Survey: Boards Are Often Blind to Major Risks

In PwC poll of directors of financial-services firms, 65 percent say proper tools are lacking.
Stephen TaubOctober 21, 2008

By a wide majority, directors of financial services firms believe that they had little chance of spotting the kinds of problems at their respective firms that plunged the world into a global financial meltdown.

In a recent PricewaterhouseCoopers survey of more than 300 financial-company board members, two-thirds of whom sit on the boards’ audit committees, 65 percent said that they feel that corporate boards lack the tools and transparency to properly assess risks and exposure. What’s more, 88 percent said that the scope of risk management for financial institutions does not adequately account for their exposure to off-balance sheet entities.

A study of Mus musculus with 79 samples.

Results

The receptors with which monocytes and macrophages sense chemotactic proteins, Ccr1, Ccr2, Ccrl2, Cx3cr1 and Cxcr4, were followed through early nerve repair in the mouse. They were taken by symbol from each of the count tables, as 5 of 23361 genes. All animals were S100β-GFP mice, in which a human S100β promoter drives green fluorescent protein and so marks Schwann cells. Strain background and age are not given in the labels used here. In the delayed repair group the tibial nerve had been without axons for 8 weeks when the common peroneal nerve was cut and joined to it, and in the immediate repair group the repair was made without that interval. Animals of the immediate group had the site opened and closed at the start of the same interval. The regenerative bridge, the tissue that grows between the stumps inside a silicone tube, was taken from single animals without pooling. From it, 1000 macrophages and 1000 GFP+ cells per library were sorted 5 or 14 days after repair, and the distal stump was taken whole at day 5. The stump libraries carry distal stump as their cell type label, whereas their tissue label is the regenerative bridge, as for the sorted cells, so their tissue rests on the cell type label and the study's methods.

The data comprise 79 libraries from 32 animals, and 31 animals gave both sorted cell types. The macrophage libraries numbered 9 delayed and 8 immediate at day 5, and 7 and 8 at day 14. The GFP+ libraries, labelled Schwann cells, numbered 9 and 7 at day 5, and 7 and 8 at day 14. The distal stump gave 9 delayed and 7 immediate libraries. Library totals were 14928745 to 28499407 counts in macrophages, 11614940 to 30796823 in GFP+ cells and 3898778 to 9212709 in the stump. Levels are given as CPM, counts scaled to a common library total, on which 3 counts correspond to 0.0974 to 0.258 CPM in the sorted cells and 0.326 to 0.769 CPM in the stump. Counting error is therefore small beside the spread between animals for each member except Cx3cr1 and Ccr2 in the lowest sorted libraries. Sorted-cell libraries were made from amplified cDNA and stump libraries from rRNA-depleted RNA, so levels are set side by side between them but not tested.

And 77 percent said that existing valuation tools are not robust enough.


The survey participants were also asked about their views on the controversial mark-to-market accounting. And 65 percent agreed that fair valuation creates volatility in the markets. Still, fully 83 percent disagreed with the statement that mark-to-market accounting is to blame for the current credit crisis.

The survey was taken between Sept. 22 and Oct. 4 and was completed at the 2008 PwC Financial Services Audit Committee Forum, a gathering of financial services audit committee members.

When asked to rank their four top priorities over the next 12 months, audit committee board members ranked them as follows: Enterprise-wide risk management and buy-in from business lines; Systematic risk management across the industry; Transparency and financial reporting, and Internal controls and tightened margin/collateral controls.